T-Mobile (NASDAQ:TMUS) has become the fastest-growing player in the wireless space by aggressively pointing out the faults of its rivals. CEO John Legere has made it his business to not only use his company's merits to win subscribers, but also to expose industry practices that are not consumer-friendly. That has put both AT&T (NYSE: T) and Verizon (NYSE:VZ) in the maverick leader's crosshairs, and he has been a convincing figure to consumers.
Legere has bragged that he forced Verizon to offer unlimited data plans, which he claims has caused major problems on the company's network. To hammer that point home, and try to win over some of its rivals' customers, T-Mobile has a new offer that Legere announced with his typical 1980s pro wrestling manager/boxing promoter swagger.
"After desperately launching unlimited, Verizon's network choked -- while our network speeds surged. Today, T-Mobile has a whopping 23% speed advantage over Verizon," he said in a press release. "So, to kick off summer, we're going BIG right out of the gate and throwing a lifeline to millions of Verizon customers. Now, you can ditch Verizon, keep your phone, and we'll even pay it off for you!"
T-Mobile's speed claims should be taken with a big grain of salt as they are based on the company's own analysis of Ookla Speed Test data. Still, T-Mobile is cheaper than Verizon, and offering incentives for customers to make the switch may work even if people are not having a particularly bad experience.
What is the T-Mobile offer?
Beginning on May 31, Verizon customers with and iPhone or Google Pixel phone can bring their phones to T-Mobile and the carrier will pay off any balance they owe on the device via a prepaid credit card. This isn't a trade-in deal. The customers will be able to port their number to T-Mobile and keep their existing phone simply by swapping out the SIM card. That means there will be no need to copy over contacts, photos, or any other personal data.
There is a small catch. To get the deal, customers must add T-Mobile's Premium Device Protection program for each phone brought over at $15 a month. They also are responsible to use the money from the prepaid credit card to actually pay off Verizon.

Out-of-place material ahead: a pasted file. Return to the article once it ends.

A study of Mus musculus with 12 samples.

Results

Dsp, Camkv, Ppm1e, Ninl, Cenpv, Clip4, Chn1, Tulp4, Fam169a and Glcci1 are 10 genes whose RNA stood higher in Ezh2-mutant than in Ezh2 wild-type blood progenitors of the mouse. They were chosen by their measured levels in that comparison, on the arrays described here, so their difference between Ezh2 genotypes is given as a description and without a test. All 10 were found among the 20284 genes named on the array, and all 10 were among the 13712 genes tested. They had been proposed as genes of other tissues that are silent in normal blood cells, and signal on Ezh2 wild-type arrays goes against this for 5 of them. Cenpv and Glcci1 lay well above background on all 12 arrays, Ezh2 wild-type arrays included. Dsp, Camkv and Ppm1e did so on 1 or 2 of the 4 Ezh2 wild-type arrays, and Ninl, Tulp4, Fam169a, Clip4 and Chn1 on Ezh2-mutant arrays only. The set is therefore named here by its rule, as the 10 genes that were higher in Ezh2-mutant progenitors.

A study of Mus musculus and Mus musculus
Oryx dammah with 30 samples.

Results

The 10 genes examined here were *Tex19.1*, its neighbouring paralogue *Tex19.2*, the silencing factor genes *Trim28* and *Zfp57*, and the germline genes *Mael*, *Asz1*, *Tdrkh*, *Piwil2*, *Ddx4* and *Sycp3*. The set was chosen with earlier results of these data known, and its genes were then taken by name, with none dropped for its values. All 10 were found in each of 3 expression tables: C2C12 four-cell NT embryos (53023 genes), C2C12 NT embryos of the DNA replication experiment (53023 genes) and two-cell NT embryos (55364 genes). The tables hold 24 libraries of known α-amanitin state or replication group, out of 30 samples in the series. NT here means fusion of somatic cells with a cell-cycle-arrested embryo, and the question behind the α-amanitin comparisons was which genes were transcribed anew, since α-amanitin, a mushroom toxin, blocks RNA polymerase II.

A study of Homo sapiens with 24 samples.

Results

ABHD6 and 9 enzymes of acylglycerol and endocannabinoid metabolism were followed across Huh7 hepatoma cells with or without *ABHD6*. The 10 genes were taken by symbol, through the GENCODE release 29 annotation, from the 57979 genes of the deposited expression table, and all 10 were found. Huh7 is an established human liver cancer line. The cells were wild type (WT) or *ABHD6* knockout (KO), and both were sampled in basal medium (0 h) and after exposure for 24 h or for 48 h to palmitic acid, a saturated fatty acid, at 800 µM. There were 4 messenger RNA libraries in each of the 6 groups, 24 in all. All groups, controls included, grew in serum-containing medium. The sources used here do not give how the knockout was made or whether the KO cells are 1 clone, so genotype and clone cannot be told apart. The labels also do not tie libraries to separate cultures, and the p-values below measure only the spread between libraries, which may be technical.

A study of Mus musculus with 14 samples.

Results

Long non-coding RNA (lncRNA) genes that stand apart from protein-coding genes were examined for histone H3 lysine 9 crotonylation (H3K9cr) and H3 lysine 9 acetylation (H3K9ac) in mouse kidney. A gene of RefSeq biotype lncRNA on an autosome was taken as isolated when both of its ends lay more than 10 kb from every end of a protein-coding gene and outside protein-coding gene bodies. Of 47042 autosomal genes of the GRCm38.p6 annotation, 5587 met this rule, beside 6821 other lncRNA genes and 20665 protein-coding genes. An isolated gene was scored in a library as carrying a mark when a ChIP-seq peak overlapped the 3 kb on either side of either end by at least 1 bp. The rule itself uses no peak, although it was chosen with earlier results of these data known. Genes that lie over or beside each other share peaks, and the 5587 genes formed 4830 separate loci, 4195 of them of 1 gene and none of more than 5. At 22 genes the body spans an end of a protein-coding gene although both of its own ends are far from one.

Exactly how good a deal this is for consumers largely depends upon how much the Verizon customer owes on his or her phones and whether they already pay for insurance. If, for example, they have two new iPhones 7s they just purchased, the savings will be well over $1,000. If they also have Verizon's most-common insurance, which costs $11 per phone, then the T-Mobile offer may be very attractive.
T-Mobile has cheaper service
Legere's company has very simple pricing where all taxes and fees are included in its quoted rates and all plans offer unlimited data. The company, which calls itself the Un-carrier, offers one line for $70, two for $100, three for $140, and four for $160. All plans require auto-pay and these are the current general rates, not any special offers the company sometimes has.
Verizon has more complicated pricing. Its best price also requires auto-pay and its offers start at one line for $80, plus any fees and taxes. Two lines cost $140, three lines are $160, or four at $180, again with taxes and fees on top of that (which vary based on where you live).
This should help T-Mobile
In the most-recent quarter, T-Mobile added 1.1 million total customers, 914,000 of which were postpaid. That's the 16th straight quarter where the company has added more than 1 million subscribers. Verizon, on the other hand, lost 307,000 subscribers in Q1, down from a gain of 640,000 during the same period last year.
T-Mobile has been gaining partly because Legere's efforts to eliminate customer pain points are working. In addition, T-Mobile has improved its network and can actually thank rival Sprint for spending so much money advertising that all networks are pretty much the same now.
A superior network used to be the reason people would pay more to be a Verizon customer. T-Mobile has not only cut into that network edge, it has also given people lots of reasons to try its service with price being the most obvious one.
This latest deal gives iPhone and Pixel owners even more incentive to switch and more of them will. Legere may not be right in his claims that Verizon is having network problems (though he may be). He's correct, however, in the assertion that removing the hassle of trading in a phone (while also paying it off) will take away a reason some people put off switching.
Daniel Kline has no position in any stocks mentioned. The Motley Fool owns shares of and recommends Verizon Communications. The Motley Fool recommends T-Mobile US. The Motley Fool has a disclosure policy.